Accommodations, Modifications, and Interventions in the Classroom

Accommodating Students With Special Needs


Do you and your classroom have what it takes? Here's a checklist of strategies to help you develop a classroom that should meet the needs of all your students.

___ Special needs students should be within close proximity to the teacher or the teacher's assistant.

___ Implement procedures that are well understood by all your students to keep noise levels at an acceptable level. The Yacker Tracker is a worthwhile investment.

___ Create a special carrel or private location for taking tests, and/or revise existing seating to accommodate students who more acutely need to be free of distractions for ultimate success. 

___ Eliminate as much clutter as you can. This will also help keep distractions to a minimum.

___ Try to avoid presenting instructions or directions only verbally. Use graphic organizers, as well as written or graphical instructions.

___ Clarifications and reminders should be given as regularly as necessary.

___ Needy students should have agendas which you give them regularly and that you refer to yourself.

___ Communication between home and school should be in place for all students, but particularly for those students with special needs. Your relationship and interaction with a child's parents or guardian can be an invaluable tool and ensure consistency between the classroom and home.

___ Break down assignments and work into manageable chunks, particularly for students with attention span deficits. Provide frequent breaks. Make learning fun, not a draining challenge. A tired child is never at his most receptive to new information.

___ Your classroom expectations should be clearly outlined and understood, as well as consequences for inappropriate behaviors. Your approach for conveying this information will depend on the individual special needs of the children involved. 

___ Extra assistance should be available when needed, either from yourself or from a more accomplished peer.

___ Praise students when you 'catch them doing things correctly, but don't overdo it. The praise should be a real reward, not something that happens over every small accomplishment but rather in response to a string of related accomplishments.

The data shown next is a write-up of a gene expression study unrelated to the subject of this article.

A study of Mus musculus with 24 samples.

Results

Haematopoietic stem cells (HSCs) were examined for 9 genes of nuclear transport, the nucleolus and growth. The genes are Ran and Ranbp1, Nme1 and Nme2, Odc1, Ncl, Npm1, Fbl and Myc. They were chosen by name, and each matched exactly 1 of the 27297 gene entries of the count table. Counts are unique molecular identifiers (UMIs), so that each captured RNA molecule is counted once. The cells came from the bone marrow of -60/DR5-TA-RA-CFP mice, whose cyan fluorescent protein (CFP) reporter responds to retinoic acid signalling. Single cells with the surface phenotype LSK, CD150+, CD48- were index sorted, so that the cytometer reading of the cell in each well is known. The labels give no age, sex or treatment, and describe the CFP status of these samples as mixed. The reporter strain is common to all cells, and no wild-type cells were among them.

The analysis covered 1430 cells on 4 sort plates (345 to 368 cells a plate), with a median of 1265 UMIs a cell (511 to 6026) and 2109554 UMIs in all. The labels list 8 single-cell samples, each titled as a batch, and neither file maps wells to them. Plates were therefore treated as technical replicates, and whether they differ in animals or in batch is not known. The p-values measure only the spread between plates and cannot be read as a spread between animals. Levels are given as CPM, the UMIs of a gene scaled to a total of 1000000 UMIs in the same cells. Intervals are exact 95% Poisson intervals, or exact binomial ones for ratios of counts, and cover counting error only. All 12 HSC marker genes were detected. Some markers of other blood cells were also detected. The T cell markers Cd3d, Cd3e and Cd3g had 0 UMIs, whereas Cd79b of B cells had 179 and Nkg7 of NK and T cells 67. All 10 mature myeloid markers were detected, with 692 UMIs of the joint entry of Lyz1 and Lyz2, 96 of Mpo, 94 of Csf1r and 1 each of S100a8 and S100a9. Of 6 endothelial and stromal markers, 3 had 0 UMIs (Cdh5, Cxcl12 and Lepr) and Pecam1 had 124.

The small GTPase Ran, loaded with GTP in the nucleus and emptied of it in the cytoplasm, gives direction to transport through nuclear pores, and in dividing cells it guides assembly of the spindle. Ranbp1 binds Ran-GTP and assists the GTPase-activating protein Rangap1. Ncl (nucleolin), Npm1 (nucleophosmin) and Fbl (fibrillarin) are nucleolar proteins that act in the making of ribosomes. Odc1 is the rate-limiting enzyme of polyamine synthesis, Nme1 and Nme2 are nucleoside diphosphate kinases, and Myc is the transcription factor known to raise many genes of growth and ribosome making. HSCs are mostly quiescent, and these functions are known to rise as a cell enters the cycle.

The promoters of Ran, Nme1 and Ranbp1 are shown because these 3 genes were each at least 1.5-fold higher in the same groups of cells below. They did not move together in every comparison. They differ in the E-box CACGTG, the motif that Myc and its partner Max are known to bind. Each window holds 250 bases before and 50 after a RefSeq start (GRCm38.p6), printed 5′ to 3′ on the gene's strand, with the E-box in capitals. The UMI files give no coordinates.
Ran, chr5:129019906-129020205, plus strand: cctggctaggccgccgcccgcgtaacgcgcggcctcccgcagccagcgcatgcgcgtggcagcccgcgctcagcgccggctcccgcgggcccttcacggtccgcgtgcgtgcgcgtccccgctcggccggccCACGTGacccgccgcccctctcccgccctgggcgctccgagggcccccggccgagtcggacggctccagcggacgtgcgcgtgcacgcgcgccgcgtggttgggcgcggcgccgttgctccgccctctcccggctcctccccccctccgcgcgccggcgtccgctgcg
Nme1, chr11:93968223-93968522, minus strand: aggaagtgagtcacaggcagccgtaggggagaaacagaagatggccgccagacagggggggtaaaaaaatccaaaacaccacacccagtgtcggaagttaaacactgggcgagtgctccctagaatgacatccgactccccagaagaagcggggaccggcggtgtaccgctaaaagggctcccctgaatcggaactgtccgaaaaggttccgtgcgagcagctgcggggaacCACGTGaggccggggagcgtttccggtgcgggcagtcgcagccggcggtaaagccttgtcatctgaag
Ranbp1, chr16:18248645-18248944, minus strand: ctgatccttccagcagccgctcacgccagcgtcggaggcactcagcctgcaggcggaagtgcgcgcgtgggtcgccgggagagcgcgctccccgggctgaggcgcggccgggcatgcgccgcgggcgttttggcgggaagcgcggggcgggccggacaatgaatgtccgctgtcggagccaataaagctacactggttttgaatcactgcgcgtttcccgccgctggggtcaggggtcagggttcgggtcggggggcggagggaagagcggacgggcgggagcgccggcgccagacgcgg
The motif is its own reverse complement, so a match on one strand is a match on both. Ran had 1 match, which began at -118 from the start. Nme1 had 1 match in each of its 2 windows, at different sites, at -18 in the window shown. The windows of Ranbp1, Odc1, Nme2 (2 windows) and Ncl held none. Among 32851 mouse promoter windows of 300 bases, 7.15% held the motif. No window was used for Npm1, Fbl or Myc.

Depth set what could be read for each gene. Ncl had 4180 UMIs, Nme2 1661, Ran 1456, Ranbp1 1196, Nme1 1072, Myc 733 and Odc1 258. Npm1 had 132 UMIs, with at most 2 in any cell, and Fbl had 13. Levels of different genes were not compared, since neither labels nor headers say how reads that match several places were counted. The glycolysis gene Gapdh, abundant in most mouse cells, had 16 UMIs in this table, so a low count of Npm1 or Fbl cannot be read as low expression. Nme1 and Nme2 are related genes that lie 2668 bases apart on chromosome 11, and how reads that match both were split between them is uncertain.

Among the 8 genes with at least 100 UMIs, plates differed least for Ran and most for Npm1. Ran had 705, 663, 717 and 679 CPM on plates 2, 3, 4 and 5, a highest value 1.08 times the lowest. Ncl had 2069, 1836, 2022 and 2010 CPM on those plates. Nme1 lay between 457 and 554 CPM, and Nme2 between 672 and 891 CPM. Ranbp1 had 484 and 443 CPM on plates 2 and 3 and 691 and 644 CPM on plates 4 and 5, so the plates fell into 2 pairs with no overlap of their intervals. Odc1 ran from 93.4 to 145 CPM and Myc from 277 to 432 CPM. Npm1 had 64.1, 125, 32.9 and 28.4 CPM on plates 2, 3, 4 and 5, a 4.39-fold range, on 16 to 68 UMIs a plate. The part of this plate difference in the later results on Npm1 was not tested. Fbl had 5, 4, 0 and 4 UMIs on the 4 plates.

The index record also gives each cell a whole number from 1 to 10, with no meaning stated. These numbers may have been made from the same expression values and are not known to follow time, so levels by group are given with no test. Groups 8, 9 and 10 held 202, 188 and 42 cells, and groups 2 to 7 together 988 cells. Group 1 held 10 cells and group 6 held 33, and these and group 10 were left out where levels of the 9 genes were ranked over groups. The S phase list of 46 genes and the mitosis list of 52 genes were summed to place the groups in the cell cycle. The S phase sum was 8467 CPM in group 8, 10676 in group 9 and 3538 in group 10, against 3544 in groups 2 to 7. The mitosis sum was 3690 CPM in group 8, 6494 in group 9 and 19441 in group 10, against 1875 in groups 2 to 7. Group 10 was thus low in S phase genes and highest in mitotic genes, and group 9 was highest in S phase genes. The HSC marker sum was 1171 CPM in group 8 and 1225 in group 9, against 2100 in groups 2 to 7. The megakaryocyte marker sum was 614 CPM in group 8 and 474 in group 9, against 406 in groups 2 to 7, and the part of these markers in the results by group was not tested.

___ Use behavior contracts to target specific behaviors

___ Make sure students are familiar with and understand your curing and prompting system that helps them stay on task.

___ Never begin instructions or directions until you have the undivided attention of your entire class.

___ Allow additional 'wait' time for your special needs students.

___ Provide special needs students with regular, ongoing feedback and always promote their self-esteem.

___ Make sure all your learning experiences really do promote learning.

___ Provide activities that are multi-sensory and that take learning styles into consideration. 

___ Allow time to let your special needs students repeat instructions and directions.

___ Modify and/or shorten assignments to ensure success.

___ Have methods in place so students can have text written to them and so they can dictate their answers.

___ Provide opportunities for cooperative learning. Working together in groups often helps to clarify misconceptions for learning delayed students.

Watson, Sue. "Accommodations, Modifications, and Interventions in the Classroom." ThoughtCo, Jul. 31, 2021, Watson, Sue. (2021, July 31). Accommodations, Modifications, and Interventions in the Classroom. Retrieved from Watson, Sue. "Accommodations, Modifications, and Interventions in the Classroom." ThoughtCo. (accessed March 22, 2023).